Water service for farm
SEVERN Trent Water now believes it offers a service to farmers – rather than merely using land as a convenient means of sewage disposal.
The use of better application machinery combined with treated, almost odourless sewage containing little or no toxic metals, has made the task a more acceptable and sought-after operation.
The company points out that it is, in effect, supplying farmers with a free source of fertiliser and applying it with minimum ground disturbance. The use of boom type, umbilical-fed distributors also means that treated sewage can be applied to cereal crops when they are in their early growth stages – the feed pipe is claimed not to damage the crop at this stage.
With application rates now only limited to the amount of nitrogen which can be applied, usual volumes amount to between 6000 and 7000gal/acre to supply about 125kg/ha of nitrogen (100 units/acre). There is also a significant amount of phosphorus and organic matter supplied.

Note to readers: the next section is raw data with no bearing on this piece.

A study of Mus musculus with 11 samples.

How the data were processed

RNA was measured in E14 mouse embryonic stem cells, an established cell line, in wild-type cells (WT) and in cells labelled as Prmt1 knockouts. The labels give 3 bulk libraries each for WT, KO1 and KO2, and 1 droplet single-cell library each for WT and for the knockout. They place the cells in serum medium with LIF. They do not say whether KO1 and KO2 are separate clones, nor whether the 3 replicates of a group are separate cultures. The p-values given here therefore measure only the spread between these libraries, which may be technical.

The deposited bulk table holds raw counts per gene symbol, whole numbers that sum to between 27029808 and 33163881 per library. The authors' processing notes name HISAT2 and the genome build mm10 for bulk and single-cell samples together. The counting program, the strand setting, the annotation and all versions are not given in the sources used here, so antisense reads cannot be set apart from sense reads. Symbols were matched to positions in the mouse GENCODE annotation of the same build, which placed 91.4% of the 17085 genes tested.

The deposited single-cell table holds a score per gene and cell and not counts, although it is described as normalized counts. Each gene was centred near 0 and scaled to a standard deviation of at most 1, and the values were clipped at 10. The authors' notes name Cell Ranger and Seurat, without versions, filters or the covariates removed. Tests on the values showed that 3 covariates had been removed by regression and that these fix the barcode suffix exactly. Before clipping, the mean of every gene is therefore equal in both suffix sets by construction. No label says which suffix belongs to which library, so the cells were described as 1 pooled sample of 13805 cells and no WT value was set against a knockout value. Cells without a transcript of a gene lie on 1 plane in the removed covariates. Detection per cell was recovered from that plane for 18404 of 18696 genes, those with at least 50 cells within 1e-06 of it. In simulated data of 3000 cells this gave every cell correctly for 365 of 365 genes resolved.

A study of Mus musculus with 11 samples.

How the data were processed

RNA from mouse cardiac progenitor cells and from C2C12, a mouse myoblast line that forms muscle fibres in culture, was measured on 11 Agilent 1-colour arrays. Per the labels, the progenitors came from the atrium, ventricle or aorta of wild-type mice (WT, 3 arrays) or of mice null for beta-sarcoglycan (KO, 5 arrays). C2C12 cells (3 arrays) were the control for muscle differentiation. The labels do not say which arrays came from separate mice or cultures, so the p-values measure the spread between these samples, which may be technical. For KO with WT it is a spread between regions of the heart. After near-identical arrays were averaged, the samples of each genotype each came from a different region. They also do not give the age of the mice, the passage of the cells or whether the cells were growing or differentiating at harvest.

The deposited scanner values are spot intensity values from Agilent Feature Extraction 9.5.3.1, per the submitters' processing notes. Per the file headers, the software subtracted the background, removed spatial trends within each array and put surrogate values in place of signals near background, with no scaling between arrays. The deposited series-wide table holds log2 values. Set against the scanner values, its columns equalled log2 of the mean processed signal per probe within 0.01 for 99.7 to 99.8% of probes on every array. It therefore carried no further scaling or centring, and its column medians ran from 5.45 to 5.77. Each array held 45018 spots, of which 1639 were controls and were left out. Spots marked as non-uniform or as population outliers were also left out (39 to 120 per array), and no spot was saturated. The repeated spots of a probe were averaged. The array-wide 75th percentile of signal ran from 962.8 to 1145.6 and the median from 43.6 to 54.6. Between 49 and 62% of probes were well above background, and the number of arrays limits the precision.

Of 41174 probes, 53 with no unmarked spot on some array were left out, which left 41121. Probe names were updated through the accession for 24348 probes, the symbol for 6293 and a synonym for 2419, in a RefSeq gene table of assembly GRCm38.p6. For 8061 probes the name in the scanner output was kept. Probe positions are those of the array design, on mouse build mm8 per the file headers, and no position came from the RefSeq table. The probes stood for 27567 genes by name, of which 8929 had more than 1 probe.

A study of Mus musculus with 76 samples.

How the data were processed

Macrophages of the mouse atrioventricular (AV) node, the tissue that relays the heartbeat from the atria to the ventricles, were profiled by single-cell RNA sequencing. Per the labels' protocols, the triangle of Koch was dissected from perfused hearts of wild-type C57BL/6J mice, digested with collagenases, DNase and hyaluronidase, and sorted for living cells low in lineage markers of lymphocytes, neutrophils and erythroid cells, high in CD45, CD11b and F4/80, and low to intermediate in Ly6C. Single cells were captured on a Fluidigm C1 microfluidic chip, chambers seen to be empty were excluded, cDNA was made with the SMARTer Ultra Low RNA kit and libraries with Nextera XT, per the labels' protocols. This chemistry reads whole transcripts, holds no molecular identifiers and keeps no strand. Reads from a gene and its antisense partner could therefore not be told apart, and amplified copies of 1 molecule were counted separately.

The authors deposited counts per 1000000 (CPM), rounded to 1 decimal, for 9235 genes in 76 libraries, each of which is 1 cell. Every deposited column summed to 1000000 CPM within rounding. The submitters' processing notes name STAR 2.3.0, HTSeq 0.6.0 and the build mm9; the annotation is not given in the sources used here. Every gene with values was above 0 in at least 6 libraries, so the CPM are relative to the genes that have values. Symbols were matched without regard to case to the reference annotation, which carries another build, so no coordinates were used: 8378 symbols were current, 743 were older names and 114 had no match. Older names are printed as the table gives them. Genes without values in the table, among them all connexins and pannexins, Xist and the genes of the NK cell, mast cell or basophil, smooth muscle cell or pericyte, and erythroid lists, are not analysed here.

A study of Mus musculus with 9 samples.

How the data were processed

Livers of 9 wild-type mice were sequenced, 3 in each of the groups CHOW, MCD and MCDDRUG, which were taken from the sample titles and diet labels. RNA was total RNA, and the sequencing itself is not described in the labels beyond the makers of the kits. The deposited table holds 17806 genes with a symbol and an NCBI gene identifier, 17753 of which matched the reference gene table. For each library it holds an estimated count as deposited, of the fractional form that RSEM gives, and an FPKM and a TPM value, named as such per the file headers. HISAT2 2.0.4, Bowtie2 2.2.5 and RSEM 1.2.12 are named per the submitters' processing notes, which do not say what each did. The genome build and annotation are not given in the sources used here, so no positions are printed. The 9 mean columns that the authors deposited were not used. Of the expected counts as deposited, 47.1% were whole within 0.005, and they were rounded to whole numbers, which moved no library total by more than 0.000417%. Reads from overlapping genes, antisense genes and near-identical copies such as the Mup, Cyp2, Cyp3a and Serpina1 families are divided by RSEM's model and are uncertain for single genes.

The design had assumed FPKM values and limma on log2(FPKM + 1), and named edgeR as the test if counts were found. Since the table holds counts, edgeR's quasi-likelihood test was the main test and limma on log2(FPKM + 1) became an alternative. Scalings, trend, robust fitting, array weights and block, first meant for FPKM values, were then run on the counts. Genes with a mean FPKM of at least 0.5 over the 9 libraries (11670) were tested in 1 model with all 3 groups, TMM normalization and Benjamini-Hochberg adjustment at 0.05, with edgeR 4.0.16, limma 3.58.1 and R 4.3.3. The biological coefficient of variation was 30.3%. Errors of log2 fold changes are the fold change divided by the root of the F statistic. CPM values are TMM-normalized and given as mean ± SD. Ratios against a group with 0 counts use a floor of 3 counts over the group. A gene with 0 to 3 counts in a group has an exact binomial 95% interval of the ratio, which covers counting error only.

Each year the Severn Trent Water handles 200,000t of dry solids of sludge – sludge being the natural by-product produced when sewage receives its initial treatment.
Passing the sludge through an anaerobic digestion process produces "liquid digested sludge" which contains 5% solids, 95% water. About 70% of this sludge type is used for field spreading while the remainder is pressed to produce sludge cake and used in landfill sites.
Severn Trent Water is at pains to point out that the treated sewage poses little, if any, risk to health with no pathogen problems being recorded as a result of the use of sewage sludge in its area.
Could this be the ultimate in high hp/low ground pressure, slurry injection? Severn Trent Water has been testing a 205hp Caterpillar Challenger 35 rubber-tracked crawler. coupled up to a three-leg injector unit, on its 2500-acre Stoke Bardolph Estate, near Nottingham. Claimed crawler ground pressure is from 4 to 5psi.